In this year’s CASP, AlphaFold predicted the structure of dozens of proteins with a margin of error of just 1.6 angstroms—that’s 0.16 nanometers. This far outstrips all other computational methods and for the first time matches the accuracy of experimental techniques to map out the structure of proteins in the lab, such as cryo-electron microscopy, nuclear magnetic resonance and x-ray crystallography. These techniques are expensive and slow: it can take hundreds of thousands of dollars and years of trial and error for each protein. AlphaFold can find a protein’s shape in a few days.
But identifying a protein’s structure is very hard. For most proteins, researchers have the sequence of amino acids in the ribbon but not the contorted shape they fold into. And there are typically an astronomical number of possible shapes for each sequence. Researchers have been wrestling with the problem at least since the 1970s, when Christian Anfinsen won the Nobel prize for showing that sequences determined structure.
The breakthrough could help researchers design new drugs and understand diseases. In the longer term, predicting protein structure will also help design synthetic proteins, such as enzymes that digest waste or produce biofuels. Researchers are also exploring ways to introduce synthetic proteins that will increase crop yields and make plants more nutritious.
“It’s a very substantial advance,” says Mohammed AlQuraishi, a systems biologist at Columbia University who has developed his own system for predicting protein structure. “It’s something I simply didn’t expect to happen nearly this rapidly. It’s shocking, in a way.”
“This really is a big deal,” says David Baker, head of the Institute for Protein Design at the University of Washington and leader of the team behind Rosetta, a family of protein analysis tools. “It’s an amazing achievement, like what they did with Go.”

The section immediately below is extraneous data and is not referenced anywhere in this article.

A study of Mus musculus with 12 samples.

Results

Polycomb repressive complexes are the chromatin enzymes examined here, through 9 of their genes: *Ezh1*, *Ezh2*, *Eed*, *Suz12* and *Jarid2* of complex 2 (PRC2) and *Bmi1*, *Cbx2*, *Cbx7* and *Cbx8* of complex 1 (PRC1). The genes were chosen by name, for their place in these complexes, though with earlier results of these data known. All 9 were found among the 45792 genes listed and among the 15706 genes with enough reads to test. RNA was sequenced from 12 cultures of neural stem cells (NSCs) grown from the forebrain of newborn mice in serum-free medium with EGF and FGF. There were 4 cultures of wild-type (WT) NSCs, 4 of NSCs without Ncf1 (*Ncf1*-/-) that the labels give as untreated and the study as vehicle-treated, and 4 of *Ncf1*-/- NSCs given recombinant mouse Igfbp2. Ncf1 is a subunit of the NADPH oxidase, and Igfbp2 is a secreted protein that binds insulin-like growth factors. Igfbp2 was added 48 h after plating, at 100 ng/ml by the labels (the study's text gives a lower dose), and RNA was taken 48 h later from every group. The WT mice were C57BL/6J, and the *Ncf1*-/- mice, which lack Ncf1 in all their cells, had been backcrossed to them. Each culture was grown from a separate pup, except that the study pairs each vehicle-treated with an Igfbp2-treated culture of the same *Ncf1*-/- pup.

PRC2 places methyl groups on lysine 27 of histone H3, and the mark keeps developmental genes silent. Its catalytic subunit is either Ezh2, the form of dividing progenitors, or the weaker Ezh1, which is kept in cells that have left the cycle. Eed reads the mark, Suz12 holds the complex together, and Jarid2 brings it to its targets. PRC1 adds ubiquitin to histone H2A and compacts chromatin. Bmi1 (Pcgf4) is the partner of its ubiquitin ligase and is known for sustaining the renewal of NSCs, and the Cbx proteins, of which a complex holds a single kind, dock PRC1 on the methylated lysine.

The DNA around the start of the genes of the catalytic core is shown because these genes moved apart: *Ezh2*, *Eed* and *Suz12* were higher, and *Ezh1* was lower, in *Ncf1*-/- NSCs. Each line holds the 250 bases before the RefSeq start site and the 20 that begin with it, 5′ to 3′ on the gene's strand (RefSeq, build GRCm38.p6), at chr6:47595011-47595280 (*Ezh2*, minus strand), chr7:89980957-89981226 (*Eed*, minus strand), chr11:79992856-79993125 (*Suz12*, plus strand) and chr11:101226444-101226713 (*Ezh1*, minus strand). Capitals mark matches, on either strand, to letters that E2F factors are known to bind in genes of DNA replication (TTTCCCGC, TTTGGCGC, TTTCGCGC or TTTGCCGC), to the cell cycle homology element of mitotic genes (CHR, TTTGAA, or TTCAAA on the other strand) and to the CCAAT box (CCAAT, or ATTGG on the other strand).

The launch of CASP in 1994 gave the field of predicting protein structures a boost. Every two years, the organizers release 100 or so amino acid sequences for proteins whose shapes have been identified in the lab but not yet made public. Dozens of teams from around the world then compete to find the correct way to fold them up using software. Many of the tools developed for CASP are already used by medical researchers. But progress was slow, with two decades of incremental advances failing to produce a shortcut to painstaking lab work.
When DeepMind entered the competition in 2018 with its first version of AlphaFold, it gave CASP the jolt it was looking for. It still could not match the accuracy of a lab but it left other computational techniques in the dust. Researchers took note: soon many were adapting their own systems to work more like AlphaFold.
This year more than half of the entries use some form of deep learning, says Moult. The accuracy overall was higher as a result. Baker’s new system, called trRosetta, uses some of DeepMind’s ideas from 2018. But it still came a “very distant second,” he says.
In CASP, results are scored using what’s known as a global distance test (GDT), which measures on a scale from 0 to 100 how close a predicted structure is to the actual shape of a protein identified in lab experiments. The latest version of AlphaFold scored well for all proteins in the challenge. But it got a GDT score above 90 for around two thirds of them. Its GDT for the hardest proteins was 25 points higher than the next best team, says John Jumper, who heads up the AlphaFold team at DeepMind. In 2018 the lead was around six points.